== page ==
Engel trails primary challenger by 10 points: poll

A new poll shows Rep. Eliot EngelEliot Lance EngelVoice of America not extending foreign journalists' visas: report New York candidates left on hold as primary results trickle in New Jersey incumbents steamroll progressive challengers in primaries MORE (D-N.Y.) trailing his progressive challenger by 10 points just a week before New York voters pick their nominees, an ominous sign for a longtime incumbent whose district has changed markedly since he was first elected.

The survey, conducted by the progressive group Data for Progress, finds middle school principal Jamaal Bowman (D) leading Engel by a 41 percent to 31 percent margin. Twenty-seven percent of Democratic respondents in New York's 16th District remain undecided.

The poll shows Bowman building a big lead among women, voters under 45 years old and African Americans, who make up about a third of the residents in Engel's Bronx-based district. Engel leads by 22 points among white voters, and the two are close to tied among men.


Bowman, making his first run for office, won endorsements from Sens. Bernie SandersBernie SandersTrump says Biden has been 'brainwashed': 'He's been taken over by the radical left' Ex-Sanders campaign manager talks unity efforts with Biden backers The Hill's Campaign Report: Florida's coronavirus surge raises questions about GOP convention MORE (I-Vt.) and Elizabeth WarrenElizabeth WarrenThe Hill's Campaign Report: Democratic Unity Taskforce unveils party platform recommendations Progressive activist Ady Barkan endorses Biden, urges him to pick Warren as VP Congress must act now to fix a Social Security COVID-19 glitch and expand, not cut, benefits MORE (D-Mass.), and from the rising stars of an emerging generation of progressive members of Congress like Reps. Alexandria Ocasio-CortezAlexandria Ocasio-CortezHispanic Democrats build capital with big primary wins OVERNIGHT ENERGY: Sanders-Biden climate task force calls for carbon-free power by 2035 | Park Police did not record radio transmissions during June 1 sweep of White House protesters | Court upholds protections for Yellowstone grizzly bears Biden-Sanders 'unity task force' rolls out platform recommendations MORE (D-N.Y.) and Katie Porter (D-Calif.). Groups like Justice Democrats, the Working Families Party and Brand New Congress back Bowman, while most unions have stuck with Engel.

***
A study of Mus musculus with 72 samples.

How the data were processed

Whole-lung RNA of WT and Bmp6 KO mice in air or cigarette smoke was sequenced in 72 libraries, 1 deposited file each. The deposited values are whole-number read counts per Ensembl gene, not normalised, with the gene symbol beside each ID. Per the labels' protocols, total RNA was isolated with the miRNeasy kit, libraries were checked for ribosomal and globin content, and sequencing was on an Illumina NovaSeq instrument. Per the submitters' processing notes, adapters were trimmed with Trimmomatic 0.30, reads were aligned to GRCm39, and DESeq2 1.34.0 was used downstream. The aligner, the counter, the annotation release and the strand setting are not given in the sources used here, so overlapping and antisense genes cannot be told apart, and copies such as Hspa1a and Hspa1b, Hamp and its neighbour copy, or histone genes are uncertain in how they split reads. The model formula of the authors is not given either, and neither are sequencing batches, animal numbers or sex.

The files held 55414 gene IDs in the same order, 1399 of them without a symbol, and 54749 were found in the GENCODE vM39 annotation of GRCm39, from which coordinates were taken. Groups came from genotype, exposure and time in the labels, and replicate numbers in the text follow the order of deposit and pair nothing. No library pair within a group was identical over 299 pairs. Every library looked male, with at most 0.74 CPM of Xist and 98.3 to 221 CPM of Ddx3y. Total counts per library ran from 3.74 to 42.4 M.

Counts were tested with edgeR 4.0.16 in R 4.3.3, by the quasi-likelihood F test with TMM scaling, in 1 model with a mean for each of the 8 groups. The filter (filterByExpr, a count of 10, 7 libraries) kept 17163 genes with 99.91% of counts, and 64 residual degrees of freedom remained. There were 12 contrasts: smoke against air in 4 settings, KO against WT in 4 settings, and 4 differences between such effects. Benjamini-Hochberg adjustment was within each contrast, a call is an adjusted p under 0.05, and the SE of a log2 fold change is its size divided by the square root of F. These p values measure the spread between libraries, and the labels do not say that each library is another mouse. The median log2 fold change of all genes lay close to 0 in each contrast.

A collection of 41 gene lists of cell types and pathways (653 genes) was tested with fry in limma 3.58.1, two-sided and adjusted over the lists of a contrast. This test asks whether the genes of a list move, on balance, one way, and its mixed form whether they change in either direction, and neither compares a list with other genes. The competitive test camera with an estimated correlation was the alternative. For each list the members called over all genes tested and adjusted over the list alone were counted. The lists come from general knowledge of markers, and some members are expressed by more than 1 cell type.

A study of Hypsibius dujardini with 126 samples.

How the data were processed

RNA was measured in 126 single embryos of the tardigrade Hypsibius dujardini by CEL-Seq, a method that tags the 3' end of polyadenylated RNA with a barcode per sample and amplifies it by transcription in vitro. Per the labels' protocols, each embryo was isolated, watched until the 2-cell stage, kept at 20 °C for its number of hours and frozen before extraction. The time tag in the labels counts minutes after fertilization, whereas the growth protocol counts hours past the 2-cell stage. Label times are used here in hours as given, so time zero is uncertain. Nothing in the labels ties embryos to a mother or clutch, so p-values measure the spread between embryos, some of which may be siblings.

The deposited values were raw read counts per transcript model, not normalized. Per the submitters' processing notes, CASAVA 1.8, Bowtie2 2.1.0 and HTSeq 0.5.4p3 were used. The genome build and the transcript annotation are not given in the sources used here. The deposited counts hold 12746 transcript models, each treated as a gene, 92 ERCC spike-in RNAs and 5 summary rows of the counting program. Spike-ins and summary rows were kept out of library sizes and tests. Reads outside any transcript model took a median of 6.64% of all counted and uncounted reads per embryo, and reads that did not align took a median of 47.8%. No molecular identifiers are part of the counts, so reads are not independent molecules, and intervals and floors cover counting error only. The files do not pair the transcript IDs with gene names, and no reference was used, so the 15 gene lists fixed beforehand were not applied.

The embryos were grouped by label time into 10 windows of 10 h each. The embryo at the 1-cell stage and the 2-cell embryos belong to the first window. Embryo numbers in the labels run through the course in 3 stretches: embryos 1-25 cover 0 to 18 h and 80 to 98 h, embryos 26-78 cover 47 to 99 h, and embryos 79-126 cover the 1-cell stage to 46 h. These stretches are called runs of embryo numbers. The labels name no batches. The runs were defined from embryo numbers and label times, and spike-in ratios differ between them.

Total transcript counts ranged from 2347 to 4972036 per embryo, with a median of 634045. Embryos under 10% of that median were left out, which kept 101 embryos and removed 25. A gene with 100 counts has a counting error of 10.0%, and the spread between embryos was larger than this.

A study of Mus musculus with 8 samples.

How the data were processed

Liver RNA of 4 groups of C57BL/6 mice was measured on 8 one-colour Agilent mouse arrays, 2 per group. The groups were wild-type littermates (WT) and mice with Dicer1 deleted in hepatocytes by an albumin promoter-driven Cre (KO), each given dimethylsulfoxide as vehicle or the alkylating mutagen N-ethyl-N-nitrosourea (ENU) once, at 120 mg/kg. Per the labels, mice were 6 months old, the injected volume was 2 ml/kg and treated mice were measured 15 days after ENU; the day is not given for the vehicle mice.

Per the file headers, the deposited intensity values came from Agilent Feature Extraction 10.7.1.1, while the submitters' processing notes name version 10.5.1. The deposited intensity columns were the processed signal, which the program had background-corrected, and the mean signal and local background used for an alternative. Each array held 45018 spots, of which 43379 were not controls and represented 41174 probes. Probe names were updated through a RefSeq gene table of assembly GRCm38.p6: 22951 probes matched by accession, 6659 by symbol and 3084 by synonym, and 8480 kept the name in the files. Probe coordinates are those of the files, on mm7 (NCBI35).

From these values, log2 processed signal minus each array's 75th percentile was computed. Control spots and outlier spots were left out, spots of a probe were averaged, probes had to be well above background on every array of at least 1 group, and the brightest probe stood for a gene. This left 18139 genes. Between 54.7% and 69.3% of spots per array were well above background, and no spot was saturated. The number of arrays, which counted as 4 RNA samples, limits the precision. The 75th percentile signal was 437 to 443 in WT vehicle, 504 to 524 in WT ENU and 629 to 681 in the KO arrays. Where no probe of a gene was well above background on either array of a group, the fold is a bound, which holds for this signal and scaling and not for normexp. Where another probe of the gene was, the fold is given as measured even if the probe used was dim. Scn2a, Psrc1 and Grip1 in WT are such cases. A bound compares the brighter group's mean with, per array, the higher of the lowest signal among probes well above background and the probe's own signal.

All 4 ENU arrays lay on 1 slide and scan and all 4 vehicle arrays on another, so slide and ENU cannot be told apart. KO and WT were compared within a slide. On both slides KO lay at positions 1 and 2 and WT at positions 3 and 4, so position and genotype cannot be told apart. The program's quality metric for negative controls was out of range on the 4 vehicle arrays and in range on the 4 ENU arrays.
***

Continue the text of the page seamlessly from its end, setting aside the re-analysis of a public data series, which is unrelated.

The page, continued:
Former Secretary of State Hillary ClintonHillary Diane Rodham ClintonTrump to visit Georgia next week Former NY Rep. Claudia Tenney to face Anthony Brindisi in House rematch Powell takes on Trump over Confederate flag MORE and the Congressional Black Caucus both back Engel, the chairman of the House Foreign Affairs Committee. The New York Times editorial board endorsed Bowman.

Engel's district has changed markedly from the seat he first won in 1988. Back then, just 11 percent of the population was African American, and 13 percent was Hispanic. Today, just under one-third of district residents are white.

But Engel has run a lackluster campaign, even amid signs that progressives were making inroads in New York districts where longtime incumbents were sitting on their laurels.


The poll, conducted June 11-15, surveyed 525 likely Democratic primary voters contacted online and by text message. The survey had a margin of error of 5.1 percentage points.

--This report was updated at 11:53 a.m.